Written by Kim Furlow, communications manager for the Institute for Public Health
A new policy brief published by the Center for Health Economics & Policy at the Institute for Public Health reports that the state of Missouri has below-average outcomes for maternal and infant health as well as significant racial disparities. The brief cites emerging research shows that doula care can help reduce these outcomes; however, doula services are not currently funded through Medicaid in Missouri.
“If their work could be reimbursed by Medicaid in a way that facilitates flexibility and retains the strong connection to community,” says the brief’s lead author, Ethan Bradley, “we could see an impact on Black maternal and infant mortality, newborn intensive care admissions, and other metrics.”
The center has collaborated with area doula service providers and WashU colleagues to publish recommendations addressing these issues in “Medicaid Reimbursement for Doula Services: Definitions and Policy Considerations”. The idea of a brief on this topic stemmed from a pair of Transforming Healthcare in Missouri meetings in Summer/Fall 2021 during which health care providers, researchers, economists, and policymakers convened to generate and discuss ideas for Medicaid maternal health policy reform. The brief itself aims to “explain the opportunities provided by doula care, summarize the current training and credentialing options of doula organizations in Missouri, and identify policy considerations.”
Doulas are trained professionals who provide continuous support to mothers and families before, during, and after childbirth. Research is cited showing that doulas are beneficial for improving the health outcomes of mothers and infants; however, “the challenge for authorizing Medicaid payment for doula care is that this form of care operates outside of traditional clinical provider organizations.”
Co-author Okunsola M. Amadou, CPM, founder and CEO of Jamaa Birth Village, champions what she terms Culturally Congruent Community Based Doulas (CCCD), a “non-traditional” doula, who supports mother and family improving their overall well-being as a unit. According to Amadou, CCCD’s “enter care from a holistic perspective addressing root issues related to systemic and historical social determinants of health, which have ripple effects from mother to baby and the family”.
The brief leverages the expertise of Amadou and co-author Hakima Payne, MSN, RN, CEO of Uzazi Village, both of whom provide regional doula training and services. Of particular significance is research citing that Black women are four times more likely to die of a pregnancy-related cause than are white women (88 deaths per 100,000 live births.) Asked about disparities witnessed through her work, Amadou notes that “community-based doulas are working for little to no pay because they want to support pregnant people in their community, being disrespected in hospital settings by providers who refuse to acknowledge them and honor them as professionals.” The two experts explain how community-based doulas follow “a multifaceted approach that empowers women of color, mitigating discrimination, racism, loss of autonomy, and preventing other harms to communities that have been neglected by the medical system.”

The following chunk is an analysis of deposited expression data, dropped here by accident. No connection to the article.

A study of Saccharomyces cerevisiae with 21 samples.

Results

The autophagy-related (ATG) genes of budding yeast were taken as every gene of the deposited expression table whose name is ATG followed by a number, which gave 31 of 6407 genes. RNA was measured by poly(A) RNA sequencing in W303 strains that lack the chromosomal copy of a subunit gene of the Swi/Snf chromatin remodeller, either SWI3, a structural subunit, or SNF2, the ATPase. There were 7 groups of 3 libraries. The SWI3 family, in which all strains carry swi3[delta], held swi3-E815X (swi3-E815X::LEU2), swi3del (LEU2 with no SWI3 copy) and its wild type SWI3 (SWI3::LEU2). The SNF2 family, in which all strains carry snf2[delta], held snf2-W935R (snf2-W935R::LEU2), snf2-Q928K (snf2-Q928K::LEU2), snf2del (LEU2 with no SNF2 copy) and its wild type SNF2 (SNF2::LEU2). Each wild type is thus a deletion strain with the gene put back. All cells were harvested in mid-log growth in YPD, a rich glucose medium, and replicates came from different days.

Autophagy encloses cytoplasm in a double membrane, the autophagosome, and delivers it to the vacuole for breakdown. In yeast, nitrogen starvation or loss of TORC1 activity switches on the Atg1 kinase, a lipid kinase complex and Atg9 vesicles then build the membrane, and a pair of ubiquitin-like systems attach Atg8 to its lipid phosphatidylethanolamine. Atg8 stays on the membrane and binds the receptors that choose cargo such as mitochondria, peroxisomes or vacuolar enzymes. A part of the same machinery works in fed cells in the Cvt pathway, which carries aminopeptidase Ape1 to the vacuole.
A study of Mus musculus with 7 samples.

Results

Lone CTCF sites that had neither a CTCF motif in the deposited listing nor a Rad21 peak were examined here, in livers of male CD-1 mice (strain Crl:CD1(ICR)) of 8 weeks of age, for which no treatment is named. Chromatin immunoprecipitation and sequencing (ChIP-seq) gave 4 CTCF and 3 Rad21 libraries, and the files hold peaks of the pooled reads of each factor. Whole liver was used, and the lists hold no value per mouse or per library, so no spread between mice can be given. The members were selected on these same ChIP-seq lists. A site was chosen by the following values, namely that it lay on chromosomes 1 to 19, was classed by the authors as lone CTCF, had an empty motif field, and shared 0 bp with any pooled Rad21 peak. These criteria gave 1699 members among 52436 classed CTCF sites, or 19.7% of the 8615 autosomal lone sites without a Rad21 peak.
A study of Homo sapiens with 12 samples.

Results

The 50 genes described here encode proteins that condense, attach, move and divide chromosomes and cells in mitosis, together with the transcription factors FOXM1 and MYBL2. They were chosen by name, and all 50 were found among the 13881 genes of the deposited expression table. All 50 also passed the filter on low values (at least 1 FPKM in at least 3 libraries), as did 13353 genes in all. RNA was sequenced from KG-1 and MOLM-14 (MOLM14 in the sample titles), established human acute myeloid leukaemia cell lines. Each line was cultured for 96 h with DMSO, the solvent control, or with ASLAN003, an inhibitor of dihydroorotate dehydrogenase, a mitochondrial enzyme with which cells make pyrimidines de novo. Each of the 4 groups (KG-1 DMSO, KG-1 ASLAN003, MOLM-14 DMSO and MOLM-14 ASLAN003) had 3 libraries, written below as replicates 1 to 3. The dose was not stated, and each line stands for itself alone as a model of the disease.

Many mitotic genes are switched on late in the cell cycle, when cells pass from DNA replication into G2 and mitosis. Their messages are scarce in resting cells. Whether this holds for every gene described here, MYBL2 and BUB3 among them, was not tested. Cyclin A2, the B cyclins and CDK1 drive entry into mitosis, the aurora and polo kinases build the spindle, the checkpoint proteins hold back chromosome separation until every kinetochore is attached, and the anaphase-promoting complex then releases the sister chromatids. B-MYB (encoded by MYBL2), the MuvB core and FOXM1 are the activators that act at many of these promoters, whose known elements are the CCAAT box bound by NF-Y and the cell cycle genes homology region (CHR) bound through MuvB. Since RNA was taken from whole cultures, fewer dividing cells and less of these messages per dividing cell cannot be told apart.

“The key point that I’d like policy makers to take away from this [brief] is that pregnant, low-income and marginalized people deserve access to doulas,” says Amadou. “And the doulas who serve them deserve to be paid their worth.” Payne adds, “It’s important to issue this brief now because our state [policymakers] are having conversations now about how doulas should be compensated for their work. We want to ensure that the voice of community is represented in those conversations.” She and Amadou have concerns that without their participation, conversations will continue to center white-led doula organizations that, according to Amadou, “just tag on diversity statements” without recognizing that Black-led doula organizations have developed a specific curriculum based upon their expertise in tackling racial disparities. Payne also notes the importance of avoiding policies that would result in “burdening [doulas] with restrictions and heavy regulatory barriers.”
The policy brief acknowledges that five states currently reimburse for doula services in their Medicaid programs: Maryland, Florida, New Jersey, Minnesota, and Oregon.
Lead author Bradley, a Brown School MPH candidate, says the brief recommends that Missouri Medicaid create a doula reimbursement model which prioritizes local, community-based, culturally congruent doulas in its reimbursement structure; and, that Missouri’s managed care organizations develop closer relationships with the doula organizations leading this space in order to understand how to facilitate their growth.
In addition to Bradley, Payne and Amadou, co-authors include Abigail R. Barker, PhD, and Jesse A. Davis, MD, MBA. Read the brief. The Center for Health Economics and Policy at the Institute for Public Health advances evidence-based research to improve health and work with policy makers and public health leaders to drive more equitable health policy. Read more center policy publications.